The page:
Language used at the Synod on the Family to describe gay relationships was “revolutionary”, according to Ireland’s senior archbishop, welcoming the changes signalled by the meeting in Rome last month.
The Archbishop of Dublin, Diarmuid Martin, pointed to the midway document at the synod, which called for recognition of “seeds of the Word” in couples living together and in those who are divorced and remarried. It also recognised the values in some same-sex relationships. While the final synod document did not include the “seeds” part of the mid-term text, the archbishop, speaking to the Irish broadcaster RTE, said he felt it “will not be possible” to use harsh language in regards to gays and the divorced and remarried. Archbishop Martin added that those who had “strong concerns” about the direction of the synod were a “smaller group”.
Meanwhile in his pastoral letter, read out in parishes last weekend, the Archbishop of Westminster, Cardinal Vincent Nichols, said the synod was not leading to a change in doctrine but seeking to show the “motherly love of the Church”, especially to those families in difficulty.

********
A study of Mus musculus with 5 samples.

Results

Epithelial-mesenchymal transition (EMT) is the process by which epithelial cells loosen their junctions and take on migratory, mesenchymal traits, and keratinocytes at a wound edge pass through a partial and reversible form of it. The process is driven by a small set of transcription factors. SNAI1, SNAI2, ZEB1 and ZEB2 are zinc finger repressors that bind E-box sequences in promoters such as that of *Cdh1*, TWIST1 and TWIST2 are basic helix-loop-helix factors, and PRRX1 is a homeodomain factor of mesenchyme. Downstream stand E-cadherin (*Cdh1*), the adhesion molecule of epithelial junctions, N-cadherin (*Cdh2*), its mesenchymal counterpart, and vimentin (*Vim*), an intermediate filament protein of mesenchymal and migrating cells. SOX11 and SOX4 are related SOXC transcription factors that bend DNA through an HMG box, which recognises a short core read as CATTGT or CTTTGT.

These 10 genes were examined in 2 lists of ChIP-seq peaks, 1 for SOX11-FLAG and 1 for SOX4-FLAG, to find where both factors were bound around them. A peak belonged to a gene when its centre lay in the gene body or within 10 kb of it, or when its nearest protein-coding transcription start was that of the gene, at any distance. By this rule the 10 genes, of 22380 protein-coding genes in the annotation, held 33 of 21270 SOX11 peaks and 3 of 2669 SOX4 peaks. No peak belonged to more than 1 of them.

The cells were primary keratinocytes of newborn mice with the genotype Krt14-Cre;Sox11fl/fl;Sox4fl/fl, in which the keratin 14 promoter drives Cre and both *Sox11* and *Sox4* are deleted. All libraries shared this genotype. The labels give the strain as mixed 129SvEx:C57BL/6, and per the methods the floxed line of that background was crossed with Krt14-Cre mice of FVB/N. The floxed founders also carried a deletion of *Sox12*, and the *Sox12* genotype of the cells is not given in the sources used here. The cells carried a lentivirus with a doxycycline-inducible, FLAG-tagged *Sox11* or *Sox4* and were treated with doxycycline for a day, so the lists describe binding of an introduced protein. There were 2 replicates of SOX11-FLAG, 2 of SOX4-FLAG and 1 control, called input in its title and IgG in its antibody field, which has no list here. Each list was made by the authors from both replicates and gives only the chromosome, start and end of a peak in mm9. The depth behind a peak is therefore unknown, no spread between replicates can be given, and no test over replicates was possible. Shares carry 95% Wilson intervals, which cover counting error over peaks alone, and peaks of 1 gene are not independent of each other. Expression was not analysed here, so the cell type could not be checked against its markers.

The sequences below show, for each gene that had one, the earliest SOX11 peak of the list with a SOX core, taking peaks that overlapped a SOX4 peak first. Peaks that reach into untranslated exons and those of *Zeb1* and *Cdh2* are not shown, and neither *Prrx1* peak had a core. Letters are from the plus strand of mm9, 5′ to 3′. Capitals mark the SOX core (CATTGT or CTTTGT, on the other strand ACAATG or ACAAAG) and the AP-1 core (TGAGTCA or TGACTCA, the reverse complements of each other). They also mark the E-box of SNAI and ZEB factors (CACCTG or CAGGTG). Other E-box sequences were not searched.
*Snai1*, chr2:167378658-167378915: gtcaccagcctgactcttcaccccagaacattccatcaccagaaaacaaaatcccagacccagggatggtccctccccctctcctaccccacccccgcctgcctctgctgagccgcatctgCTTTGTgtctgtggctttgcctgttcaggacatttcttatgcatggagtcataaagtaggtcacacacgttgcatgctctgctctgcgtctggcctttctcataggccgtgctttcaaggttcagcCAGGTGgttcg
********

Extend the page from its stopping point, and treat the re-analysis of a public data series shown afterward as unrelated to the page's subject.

Cardinal Nichols also said he would soon be outlining how ordinary Catholics can play a part in the process.
This week the cardinal’s intervention to the synod, prepared well in advance of the gathering, was released. In it he wrote that the results of the questionnaire before the synod – asking Catholics about various aspects of church teaching on marriage, including gay couples, contraception and the divorced – “made clear the distances between the perceived stance of the Church in her teachings and pastoral actions on the one hand, and, on the other hand, the complexities and tensions of family experience”.
The cardinal said many are fearful of the “dark abyss of failure” that lies between church teaching and the reality of people’s lives. As a result “we both hide our failings and minimise or deny the true standard of our calling”.